Live Blog: CBS Democratic Presidential Debate

By Mark Joyella Comment

Whatever tonight’s debate in Iowa would have been, that changed dramatically with the terror attacks Friday night in Paris.

The “attacks in Paris require important questions for the candidates,” said CBS News executive editor Steve Capus, announcing the debate would go on as scheduled–though with an entirely new focus.

Capus told The New York Times he was in a debate rehearsal when word broke of the carnage in Paris. “This is exactly what the president is going to have to face,” he told The Times.

Work immediately began to develop appropriate questions. “There is no question that the emphasis changes dramatically. It is the right time to ask all the related questions that come to mind,” he added. “We think we have a game plan to address a lot of the substantive and important topics.”

That’s not necessarily good news for candidates whose previous job didn’t happen to be U.S. Secretary of State, as CNN reported earlier this evening:

Sanders, Charles Pierce writes at Esquire, runs a risk trying to turn the Paris attacks against Clinton:

He’d be excoriated from hell to breakfast for “politicizing” mass murder—not by me, but you know—and it would be far too easy for HRC to turn that criticism around on him. It would be a very big chance for him to take.

Politico’s Annie Karni reports the Sanders campaign claims to have won some sort of concessions from CBS on the extent of the foreign policy questions tonight:

We’ll see what happens as the debate begins.

Tonight’s moderators are Face the Nation host John Dickerson, CBS News congressional correspondent Nancy Cordes, the CBS News congressional correspondent; Kevin Cooney, an anchor for KCCI-TV in Des Moines; and Kathie Obradovich, a political columnist for The Des Moines Register.

9:00 p.m. ET: The Debate Begins CBS opens with a moment of silence for the victims in Paris, then introduces the candidates and goes to a commercial break.

9:08 p.m. ET: Has President Obama Underestimated the Threat of ISIS? Hillary Clinton is asked if she “missed” the real threat of ISIS. “I don’t think the United States has the bulk of the responsibility,” for the growth of ISIS, she responds.

9:14 p.m. ET: Clinton’s Vote on Iraq Sanders references “the disastrous invasion of Iraq, something that I strongly opposed, has unraveled the region,” and Dickerson notes Clinton voted in favor of the invasion.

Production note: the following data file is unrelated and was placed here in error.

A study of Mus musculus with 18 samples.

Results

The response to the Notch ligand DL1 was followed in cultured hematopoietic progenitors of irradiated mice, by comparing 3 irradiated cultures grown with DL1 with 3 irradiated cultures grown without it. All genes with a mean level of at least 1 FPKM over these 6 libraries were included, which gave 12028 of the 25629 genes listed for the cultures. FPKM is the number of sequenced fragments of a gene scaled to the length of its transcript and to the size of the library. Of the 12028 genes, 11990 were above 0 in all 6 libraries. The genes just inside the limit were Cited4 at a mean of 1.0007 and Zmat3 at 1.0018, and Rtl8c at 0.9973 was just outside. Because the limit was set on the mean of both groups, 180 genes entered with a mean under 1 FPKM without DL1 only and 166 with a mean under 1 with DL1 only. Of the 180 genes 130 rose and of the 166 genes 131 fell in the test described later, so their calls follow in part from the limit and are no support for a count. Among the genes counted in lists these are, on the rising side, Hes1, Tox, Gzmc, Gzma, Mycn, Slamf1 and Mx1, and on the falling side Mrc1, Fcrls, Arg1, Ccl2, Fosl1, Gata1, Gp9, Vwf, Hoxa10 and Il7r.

Clinton responds, “I have said the invasion of Iraq was a mistake.”

CBS is partnered with Twitter for tonight’s debate, and observers have noted how that partnership is working:

9:32 p.m. ET: John Dickerson Gets Good Reviews:

9:40 p.m. ET: How High Can the Income Tax Go? On more comfortable
ground, Bernie Sanders is asked how high he would raise taxes, and he says not up to 90 percent, which he says was Eisenhower’s highest rate. “I’m not that much of a socialist compared to Eisenhower”

10:02 p.m. ET: “Not Good Enough.” Clinton is asked about her financial support from Wall Street, and whether she can be independent as a result. Clinton said she has a “very aggressive plan to reign in Wall Street.”

John Dickerson asks Sen. Sanders what he thought of Clinton’s answer. “Not good enough.”

10:15 p.m. ET: A Landmark Moment? For the first time in memory, a social media question didn’t represent a change in gears, but a real-time response to the debate. Tonight, from Twitter, a question calling Hillary Clinton on her answer to a question about Wall Street.

10:34 p.m. ET: “This Debate Stinks” Republican frontrunner Donald Trump re-tweeted a critic of the Democratic debate:

A few moments later, Trump weighed in himself, taking a shot at O’Malley, who again called Trump a “carnival barker.”

10:56 p.m. ET: It’s Over. Sorta. The candidates have given their closing statements, and CBS has taken a final commercial break, but John Dickerson throws to Major Garrett to ask how the candidates’ answers did on social media.

10:59 p.m. ET: Now It’s Really Over. Good Night, and let us know what you thought.